Elizabeth I, daughter of Anne Boleyn, reigned from 1558 to 1603. Her ideal was the restoration of the pope-less Catholicism of her father, but she was obliged to co-operate with men of strongly Protestant views.
Image: Welsh family Bible
A modification of the 1553 Prayer Book was adopted in 1559 and the Church of England's 'middle way' between Roman Catholicism and advanced Protestantism was set out in the Thirty Nine Articles of 1563.
The Welsh warmed to the settlement, partly because of the dissemination of the myth that originally the Christianity of Wales had been Protestant and that its purity had been defiled by the 'Romish' practices imposed upon it.
The myth was promulgated in the introduction, written by Richard Davies, the Bishop of St.Davids, to the Welsh translation of the New Testament published in 1567 - a work, in the main, of William Salesbury. The translation was prepared in obedience to the parliamentary command of 1563 that the Bible in Welsh should be available in every parish church in Wales.
The demand was ironic, for it meant parliament was authorising the use of Welsh in spiritual matters barely a generation after it had banned its use in secular matters. Yet in the Elizabethan age, the authorities considered religious uniformity to be more important than linguistic uniformity.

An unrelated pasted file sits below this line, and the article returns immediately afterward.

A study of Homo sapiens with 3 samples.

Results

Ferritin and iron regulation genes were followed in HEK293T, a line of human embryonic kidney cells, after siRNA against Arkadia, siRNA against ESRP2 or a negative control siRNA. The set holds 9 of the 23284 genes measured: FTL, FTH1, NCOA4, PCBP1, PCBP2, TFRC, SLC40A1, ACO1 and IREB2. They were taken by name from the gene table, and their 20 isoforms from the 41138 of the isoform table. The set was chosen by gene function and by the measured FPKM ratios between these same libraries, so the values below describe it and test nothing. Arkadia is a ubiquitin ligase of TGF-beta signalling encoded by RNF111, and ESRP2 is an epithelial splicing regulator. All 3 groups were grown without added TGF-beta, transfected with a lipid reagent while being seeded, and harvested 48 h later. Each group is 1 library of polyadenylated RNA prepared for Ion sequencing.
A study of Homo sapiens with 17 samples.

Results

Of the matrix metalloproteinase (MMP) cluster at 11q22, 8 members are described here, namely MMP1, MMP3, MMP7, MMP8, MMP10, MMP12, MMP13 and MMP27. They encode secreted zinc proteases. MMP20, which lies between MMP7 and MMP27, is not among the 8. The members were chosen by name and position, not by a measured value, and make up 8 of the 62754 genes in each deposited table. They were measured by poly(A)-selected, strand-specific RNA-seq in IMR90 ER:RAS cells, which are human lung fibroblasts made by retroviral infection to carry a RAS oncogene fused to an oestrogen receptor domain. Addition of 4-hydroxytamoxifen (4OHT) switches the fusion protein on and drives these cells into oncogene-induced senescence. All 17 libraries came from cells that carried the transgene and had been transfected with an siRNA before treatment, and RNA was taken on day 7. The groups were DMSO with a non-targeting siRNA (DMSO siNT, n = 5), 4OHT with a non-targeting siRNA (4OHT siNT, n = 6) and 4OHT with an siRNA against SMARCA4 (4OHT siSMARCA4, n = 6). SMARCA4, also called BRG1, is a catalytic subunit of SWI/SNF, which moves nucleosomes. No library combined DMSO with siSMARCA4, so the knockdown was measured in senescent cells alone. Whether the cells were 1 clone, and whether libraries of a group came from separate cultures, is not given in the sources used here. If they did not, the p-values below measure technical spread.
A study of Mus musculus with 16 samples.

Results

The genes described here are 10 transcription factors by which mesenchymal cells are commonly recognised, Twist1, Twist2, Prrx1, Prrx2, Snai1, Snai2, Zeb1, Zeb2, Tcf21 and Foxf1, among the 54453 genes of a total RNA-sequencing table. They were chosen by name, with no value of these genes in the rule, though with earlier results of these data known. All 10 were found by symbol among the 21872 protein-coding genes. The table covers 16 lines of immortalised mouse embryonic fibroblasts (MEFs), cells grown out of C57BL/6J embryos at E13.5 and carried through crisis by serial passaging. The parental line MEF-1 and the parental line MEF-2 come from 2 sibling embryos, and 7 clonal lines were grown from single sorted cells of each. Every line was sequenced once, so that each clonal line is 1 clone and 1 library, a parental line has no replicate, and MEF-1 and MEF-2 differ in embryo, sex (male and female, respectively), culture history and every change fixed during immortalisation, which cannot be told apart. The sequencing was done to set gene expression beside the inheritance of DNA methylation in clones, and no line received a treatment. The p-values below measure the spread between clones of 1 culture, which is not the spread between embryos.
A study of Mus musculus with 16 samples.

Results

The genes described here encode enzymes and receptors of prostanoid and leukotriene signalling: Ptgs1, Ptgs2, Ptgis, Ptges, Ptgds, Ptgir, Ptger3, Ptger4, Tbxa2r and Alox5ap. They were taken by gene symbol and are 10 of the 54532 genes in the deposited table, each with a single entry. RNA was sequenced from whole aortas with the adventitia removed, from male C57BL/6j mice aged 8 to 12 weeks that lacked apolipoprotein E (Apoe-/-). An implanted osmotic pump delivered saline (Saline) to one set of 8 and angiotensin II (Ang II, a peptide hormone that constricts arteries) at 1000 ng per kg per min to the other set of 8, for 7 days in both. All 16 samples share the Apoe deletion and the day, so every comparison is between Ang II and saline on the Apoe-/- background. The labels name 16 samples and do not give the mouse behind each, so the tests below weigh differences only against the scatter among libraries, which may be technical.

The complete Bible was published in Welsh in 1588, the work of the Denbighshire rector William Morgan. Morgan's magnificent achievement made Welsh the only non-state language of Protestant Europe to be the medium of a published Bible within a century of the Reformation, a key factor in its subsequent fortunes.
Opposition to the Elizabethan Settlement
Elements within Welsh society remained faithful to Roman Catholicism. On Elizabeth's accession, about 15 Welsh priests fled to mainland Europe to plan the restoration of their country to Rome. Some Welshmen involved themselves in the plots to replace Elizabeth with her Catholic cousin, Mary Queen of Scots.
Yet despite these plots and martyrdoms, the huge majority of the people of Wales became adherents of the state church, a marked contrast with Ireland where the government proved unable to prevent the campaigns of the Catholic orders.
Advanced Protestantism made little headway, although the puritan John Penry of Breconshire, a bitter opponent of bishops, was hanged in 1593 and became for future generations the founding martyr of Welsh Nonconformity.